Tasty gluten free quinoa recipes

Let's start with one of my favorite quinoa recipes! Then further down the page you can learn more about this fantastic ingredient, how to cook quinoa, and the nutrition it provides. 

Quinoa  is one of those ingredients that has multiple uses on a gluten free diet. You can cook it as a grain, and also grind it to use as a gluten free flour for baking.

quinoa in bowl

Quinoa with sweetcorn, onions and sultanas

This super simple recipe is made from store-cupboard ingredients making it ideal for a quick supper dish.

These quantities are enough to serve one person for a quick supper dish but can easily be increased to feed more when required.

If you do have some left over, it is great served cold as a packed lunch for the next day.

  • 1/2 cup/3oz/75g quinoa
  • 1 cup water
  • salt and pepper to season
  • 1/2 red onion, chopped
  • 2oz/50g tinned sweetcorn
  • 1oz/25g sultanas
  • 2oz/50g grated cheddar cheese
  • splash tamari soy sauce

Cook the quinoa as described below.  While it is cooking, fry the chopped red onion in a little vegetable oil in a frying pan.

When the quinoa is cooked and has absorbed all the water, shake in a splash of tamari soy sauce to taste.  Then stir in the fried onion, sweetcorn, and sultanas. Heat through then add the grated cheese and stir until the cheese melts.

Serve and enjoy.

This filling dish has a lovely cheesy, nutty flavor. I will be adding more quinoa recipes in the future so watch this space.

What is quinoa?

Often mistakenly called a grain, quinoa is actually the seed of a herb-like plant, from the Goosefoot family.

Although recently introduced to the western diet it is not a new crop. It was grown by the Incas in the South American Andes many thousands of years ago!

Due to its high nutritional value they called it the Mother Grain and it was a staple part of their diet. Quinoa was ideally suited to the Andean region as it didn't mind the high altitude or poor soil.

You don't have to live in South America to enjoy it nowadays, you can buy quinoa online in various forms.

Cooking quinoa

One of the problems with growing many crops is keeping the birds away! Quinoa has a coating called Saponin that birds don't like, which protects it. However this coating is also distasteful to us, being bitter, and is mildly toxic.

It is important to rinse and soak the seeds to remove this before using it, something that is normally done before the seed is boxed up ready for sale.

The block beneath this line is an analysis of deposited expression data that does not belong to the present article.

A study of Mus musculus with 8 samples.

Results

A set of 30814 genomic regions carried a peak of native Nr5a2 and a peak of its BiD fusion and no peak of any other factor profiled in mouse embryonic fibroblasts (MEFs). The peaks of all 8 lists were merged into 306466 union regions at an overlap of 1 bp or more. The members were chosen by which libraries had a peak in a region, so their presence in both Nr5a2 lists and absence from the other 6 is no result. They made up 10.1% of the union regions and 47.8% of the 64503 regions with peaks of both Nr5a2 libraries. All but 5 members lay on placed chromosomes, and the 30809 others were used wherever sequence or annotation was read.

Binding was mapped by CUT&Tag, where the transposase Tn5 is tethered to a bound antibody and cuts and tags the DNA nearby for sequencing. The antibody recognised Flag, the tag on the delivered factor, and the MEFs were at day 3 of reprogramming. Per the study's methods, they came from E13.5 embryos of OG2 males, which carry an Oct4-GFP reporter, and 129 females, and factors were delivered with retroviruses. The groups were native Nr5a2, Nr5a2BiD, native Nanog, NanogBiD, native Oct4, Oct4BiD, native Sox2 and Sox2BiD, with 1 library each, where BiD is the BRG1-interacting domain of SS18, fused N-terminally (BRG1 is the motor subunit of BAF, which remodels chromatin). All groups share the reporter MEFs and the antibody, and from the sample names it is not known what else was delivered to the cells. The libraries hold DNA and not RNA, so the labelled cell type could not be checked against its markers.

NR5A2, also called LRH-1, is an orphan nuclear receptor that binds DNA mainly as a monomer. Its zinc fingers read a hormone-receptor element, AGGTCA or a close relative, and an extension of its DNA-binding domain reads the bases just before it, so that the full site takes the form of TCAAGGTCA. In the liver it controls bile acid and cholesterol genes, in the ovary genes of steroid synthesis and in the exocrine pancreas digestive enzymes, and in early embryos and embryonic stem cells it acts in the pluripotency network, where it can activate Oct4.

However, it doesn't hurt to make sure all the saponin is removed, by tipping your quinoa into a sieve and holding it under running water for a few minutes.


To serve four people you will need...

  • 1 cup/6oz/150gm of washed quinoa
  • two cups of water.

Put the ingredients into a large saucepan (quinoa will swell to four times its volume when cooked) and season to taste with salt.

Bring the pan to the boil, then turn down the heat and simmer for about 20 minutes.

It is simple to tell when the seeds are cooked as they will turn translucent with a white edge and centre to each seed, as seen in the photo above.

Quinoa nutrition

From a celiac's point of view, perhaps the greatest value of quinoa is the fact that it is totally gluten free and easy to digest. When you add to that its wonderful nutritional qualities you can see why the Inca's prized it so highly.

Compared to other cereals such as rice and wheat, quinoa has less fat and much more protein.

In fact is is considered a complete protein as it contains all 8 essential amino acids necessary for our bodies growth and repair, including lysine.

Most grains do not contain any lysine, a protein normally only found in meat, fish and eggs, making quinoa an ideal food for gluten free vegans and vegetarians.

So what is so wonderful about lysine?

  • Lysine helps the body to produce carnitine, a substance that lowers the bad cholesterol (or LDL) in your blood. This means that eating quinoa is beneficial to those suffering from high blood pressure, anyone with cardivascular (heart) problems and postmenopausal women.
  • Lysine also helps in the production of collagen, the protein needed for strong bones and cartilage. This is especially important to celiac sufferers, as eating gluten laden foods before they were diagnosed may lead to problems with osteoporosis, or brittle bones, in later life.
  • Quinoa also has high levels of calcium, again beneficial to our bones, nails and teeth.
  • When you are first diagnosed with celiac it is common to feel depressed and low levels of lysine can make this problem even worse. Eating quinoa can assist in building up these levels, which in turn may help alleviate asthma and chronic viral infections.
  • A condition that often goes hand in hand with celiac is diabetes. To control the blood sugar levels it is important to eat foods with a low glycemic index. Quinoa has a GI value of 53 making it an ideal substitute for other grains in this situation.
  • In addition quinoa is a high-fibre source of phosphorus, iron, magnesium, vitamin E and several B vitamins. Truly a superfood!
Debbie Johnson uses quinoa in her wonderful e-book of healthy, low GI, gluten free recipes. You can Click Here! for more details.

Uses for quinoa

This nutritious food can be used as a substitute for rice, potatoes or pasta to accompany a meal. It can also be used in salads, stews, pilafs, stuffings and desserts. It works well as a thickener in soups and can be used to make a quinoa porridge for breakfast, served with brown sugar and dried fruit.

As I mentioned at the top of this page, ground into a flour it can be used in gluten free baking. Normally it would be mixed with other flours such as sorghum, potato starch and tapioca starch to achieve a smooth, moist combination. I use quinoa flour in my favourite gluten free bread recipe.